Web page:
Tennessee Senate Majority Leader Jack Johnson (R) found Critical Race Theory-esque lessons in his children’s own school district.
The Chattanooga Times Free Press reported Johnson is scrutinizing the Williamson County Schools’ Wit & Wisdom reading program for materials having to do with race. In May, Tennessee banned teaching Critical Race Theory in schools.
Great Minds’ Wit & Wisdom, which initially failed state analysis, contains items that are “very problematic and certainly not age-appropriate, if appropriate at all,” Johnson said.
“I think there certainly are elements of the Wit & Wisdom curriculum that could be construed as being aligned with Critical Race Theory,” he told Tennessee Lookout.
“But whether Wit & Wisdom is or is not aligned or synonymous with Critical Race Theory, I think it is certainly problematic. Elements of it are,” Johnson said.
Moms for Liberty, a parent activist group, got involved in reviewing the materials, according to the Williamson Herald:
Moms for Liberty has been one vocal group in community dialogue around Wit & Wisdom. It held a well-attended event last week discussing the members’ concerns about the curriculum, at which school board members Jay Galbreath, Candy Emerson and Dan Cash, among other elected officials, were present. Over 30 members of the group spoke at Monday night’s board meeting about the curriculum.
Some have also expressed concern that the curriculum introduces critical race theory. Moms for Liberty criticized books, particularly in the second grade “Civil Rights Heroes” module, that paint “white people in a negative light,” “talk about Native Americans hating white men,” are “racially divisive,” and “[demonize] whites.”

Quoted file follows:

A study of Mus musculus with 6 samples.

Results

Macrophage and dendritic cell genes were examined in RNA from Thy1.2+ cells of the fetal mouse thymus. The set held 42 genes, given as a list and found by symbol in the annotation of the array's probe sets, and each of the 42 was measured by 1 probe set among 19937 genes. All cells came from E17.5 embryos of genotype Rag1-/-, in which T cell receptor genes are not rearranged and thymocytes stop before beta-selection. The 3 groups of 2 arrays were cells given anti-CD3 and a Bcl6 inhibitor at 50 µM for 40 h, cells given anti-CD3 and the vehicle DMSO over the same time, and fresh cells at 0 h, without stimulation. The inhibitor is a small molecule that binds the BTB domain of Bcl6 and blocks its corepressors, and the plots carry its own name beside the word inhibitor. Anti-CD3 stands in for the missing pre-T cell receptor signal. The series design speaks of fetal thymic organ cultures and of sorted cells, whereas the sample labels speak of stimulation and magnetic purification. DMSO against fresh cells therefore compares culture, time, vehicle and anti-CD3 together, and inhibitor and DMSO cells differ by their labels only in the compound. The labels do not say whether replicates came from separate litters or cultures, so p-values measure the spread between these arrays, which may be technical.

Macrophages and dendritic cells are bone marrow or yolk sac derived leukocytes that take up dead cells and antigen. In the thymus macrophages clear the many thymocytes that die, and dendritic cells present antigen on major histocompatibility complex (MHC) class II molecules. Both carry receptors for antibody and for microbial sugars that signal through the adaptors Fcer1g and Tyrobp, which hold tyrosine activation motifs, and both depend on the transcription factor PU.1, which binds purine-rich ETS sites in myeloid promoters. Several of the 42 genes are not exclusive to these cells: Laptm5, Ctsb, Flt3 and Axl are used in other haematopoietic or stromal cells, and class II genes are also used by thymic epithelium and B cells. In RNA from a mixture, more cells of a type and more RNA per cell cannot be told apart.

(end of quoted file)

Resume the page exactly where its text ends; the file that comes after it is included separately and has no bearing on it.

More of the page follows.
“Why have this book if you need all these warnings?” Robin Steenman, Williamson County president of Moms for Liberty told the paper. “There’s a lot of beautiful literature out there. Pick something in that pile.”
The Tennessee Star had more from the Moms for Liberty review:
“Without seeing the teaching materials involved in this module, one cannot begin to grasp the high level of manipulation being inflicted upon the young minds of impressionable second graders who do not yet have the level of maturity or capacity to think critically, nor enough knowledge of U.S. history and experience to provide adequate context to the narrowly-focused [Wit and Wisdom] lessons,” wrote the deep dive team. “The narrow and slanted obsession on historical mistakes reveals a heavily biased agenda, one that makes children hate their country, each other, or themselves. The relentless nature of how these divisive stories are taught, the lack of historical context and difference in perspective, and the manipulative way the lessons were designed to be taught all work together to amplify and sow feelings of resentment, shame of one’s skin color, and/or fear.”
Metro Nashville Public Schools adopted the Wit & Wisdom curriculum and defended its usage.
“We do not consider it a problem, but rather an important tool to increase rigor and building our students’ knowledge and reading comprehension skills while scaffolding in social-emotional learning supports,” district spokesman Sean Braisted told Tennessee Lookout, adding the materials raise “complex subjects related to their real-world life experiences.”